The Project


Juniper dorm, a small building with approximately 27 residents at Lewis and Clark College, has decided to experiment with going trash-free for two weeks. We, the residents in Juniper, are all part of the PEAS (Pioneers for Environmental Action and Service) community. At a hall meeting we all agreed that this would be both a fun and challenging group activity that would teach us a lot about our waste stream and the ideals of a "low-impact" lifestyle.


Objective:

The primary focus of these two weeks is to eliminate the amount of waste in our dorm that would go into a landfill; we are going to continue recycling and composting as before. 

The goal is not to simply throw out our trash somewhere else; we have agreed to be mindful of what we purchase over these two weeks, with the goal of not buying anything that is only used briefly and then thrown away. We have a bin full of jars and reusable bags that we are sharing for the two weeks to use when we go to the store. This way we can all purchase bulk food and avoid non-recyclable packaging and bags.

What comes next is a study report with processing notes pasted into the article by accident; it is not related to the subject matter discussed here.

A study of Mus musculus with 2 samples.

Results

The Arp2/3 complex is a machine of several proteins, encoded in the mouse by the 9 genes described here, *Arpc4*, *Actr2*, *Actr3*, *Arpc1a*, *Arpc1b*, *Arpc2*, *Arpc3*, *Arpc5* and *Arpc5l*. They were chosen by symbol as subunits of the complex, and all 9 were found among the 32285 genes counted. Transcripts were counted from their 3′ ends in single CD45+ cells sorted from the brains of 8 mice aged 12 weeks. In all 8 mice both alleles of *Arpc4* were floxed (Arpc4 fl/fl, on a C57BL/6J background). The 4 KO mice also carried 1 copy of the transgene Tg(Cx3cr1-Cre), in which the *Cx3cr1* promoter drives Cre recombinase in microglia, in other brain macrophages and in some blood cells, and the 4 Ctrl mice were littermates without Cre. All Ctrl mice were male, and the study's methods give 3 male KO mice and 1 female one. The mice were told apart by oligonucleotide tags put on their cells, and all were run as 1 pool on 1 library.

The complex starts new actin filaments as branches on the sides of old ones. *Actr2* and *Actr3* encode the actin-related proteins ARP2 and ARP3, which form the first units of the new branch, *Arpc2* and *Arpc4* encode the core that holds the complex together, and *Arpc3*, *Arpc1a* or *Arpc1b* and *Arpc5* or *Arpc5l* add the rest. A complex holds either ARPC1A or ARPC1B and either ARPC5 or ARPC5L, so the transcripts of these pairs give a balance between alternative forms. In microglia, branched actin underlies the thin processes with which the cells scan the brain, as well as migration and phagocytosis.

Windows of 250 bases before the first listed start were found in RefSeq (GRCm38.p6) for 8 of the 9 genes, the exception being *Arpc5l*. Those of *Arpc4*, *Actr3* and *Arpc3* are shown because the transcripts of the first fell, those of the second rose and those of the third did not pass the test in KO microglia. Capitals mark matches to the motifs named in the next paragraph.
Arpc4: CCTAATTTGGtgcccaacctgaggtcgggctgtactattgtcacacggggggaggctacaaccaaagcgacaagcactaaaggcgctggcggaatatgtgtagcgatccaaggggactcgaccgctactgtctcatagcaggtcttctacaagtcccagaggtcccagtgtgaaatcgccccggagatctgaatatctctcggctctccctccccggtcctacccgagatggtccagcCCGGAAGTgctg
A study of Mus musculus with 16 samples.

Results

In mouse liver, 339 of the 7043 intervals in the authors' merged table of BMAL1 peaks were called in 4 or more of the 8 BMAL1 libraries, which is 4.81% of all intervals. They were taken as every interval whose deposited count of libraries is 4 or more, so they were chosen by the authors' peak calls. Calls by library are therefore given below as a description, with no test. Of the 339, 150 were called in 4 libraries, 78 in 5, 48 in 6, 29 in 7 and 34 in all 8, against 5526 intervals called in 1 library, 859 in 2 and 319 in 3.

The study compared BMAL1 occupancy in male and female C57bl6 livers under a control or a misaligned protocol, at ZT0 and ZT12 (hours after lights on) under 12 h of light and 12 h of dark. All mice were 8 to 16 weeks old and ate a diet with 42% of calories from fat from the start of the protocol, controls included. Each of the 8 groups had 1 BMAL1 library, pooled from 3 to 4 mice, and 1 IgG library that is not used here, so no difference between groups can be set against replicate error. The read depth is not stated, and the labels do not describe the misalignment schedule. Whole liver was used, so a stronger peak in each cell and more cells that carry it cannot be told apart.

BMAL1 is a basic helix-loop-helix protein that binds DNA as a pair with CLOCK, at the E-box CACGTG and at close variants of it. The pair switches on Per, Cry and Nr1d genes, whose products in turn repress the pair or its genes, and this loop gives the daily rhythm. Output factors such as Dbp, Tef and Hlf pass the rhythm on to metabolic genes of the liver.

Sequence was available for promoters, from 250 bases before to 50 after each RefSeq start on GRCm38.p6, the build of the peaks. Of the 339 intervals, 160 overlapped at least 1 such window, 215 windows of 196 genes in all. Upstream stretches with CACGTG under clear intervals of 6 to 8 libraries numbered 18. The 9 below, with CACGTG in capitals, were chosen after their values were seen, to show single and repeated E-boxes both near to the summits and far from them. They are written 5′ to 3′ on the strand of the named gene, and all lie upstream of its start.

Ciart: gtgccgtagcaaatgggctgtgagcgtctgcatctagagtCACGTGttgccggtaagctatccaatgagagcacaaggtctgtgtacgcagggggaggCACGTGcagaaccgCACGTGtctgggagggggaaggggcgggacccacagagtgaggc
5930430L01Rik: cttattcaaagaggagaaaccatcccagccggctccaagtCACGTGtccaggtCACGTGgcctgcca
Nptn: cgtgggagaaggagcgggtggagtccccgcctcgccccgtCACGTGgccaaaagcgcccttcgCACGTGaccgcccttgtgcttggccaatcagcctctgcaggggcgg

There has been and will continue to be a strong focus on the educational aspects of dorm projects like this. We have developed a list of focus questions for these two weeks that we will discuss and try to answer when we're done with the experiment. We understand that, with current lifestyles, it is not practical to shift immediately to a completely trash-free dorm. Instead, this experiment is designed to explore what a "low-impact" lifestyle might actually look like. Our focus questions include:
  • What fundamental obstacles are there in trying to life a life-style that does not generate (non-recyclable/compostable) waste?
    • What obstacles are there specifically for trying to implement this ideal in a community with a relatively large number of people in it?
    • In what ways does living in a large community make an endeavor like this easier or more feasible? In what ways does it make it more difficult?
  • What non-recyclable/compostable waste were we unable to avoid purchasing over these two weeks? 
    • What would have had to happen or change to prevent this waste? 
    • Even if there weren't alternatives available at the time, do any feasible alternatives currently exist?
  • Which aspects of our life-styles and decision making processes outside the dorm were most effected by this endeavor?
    • What was most challenging? Was it surprising?
    • What was easiest about the change?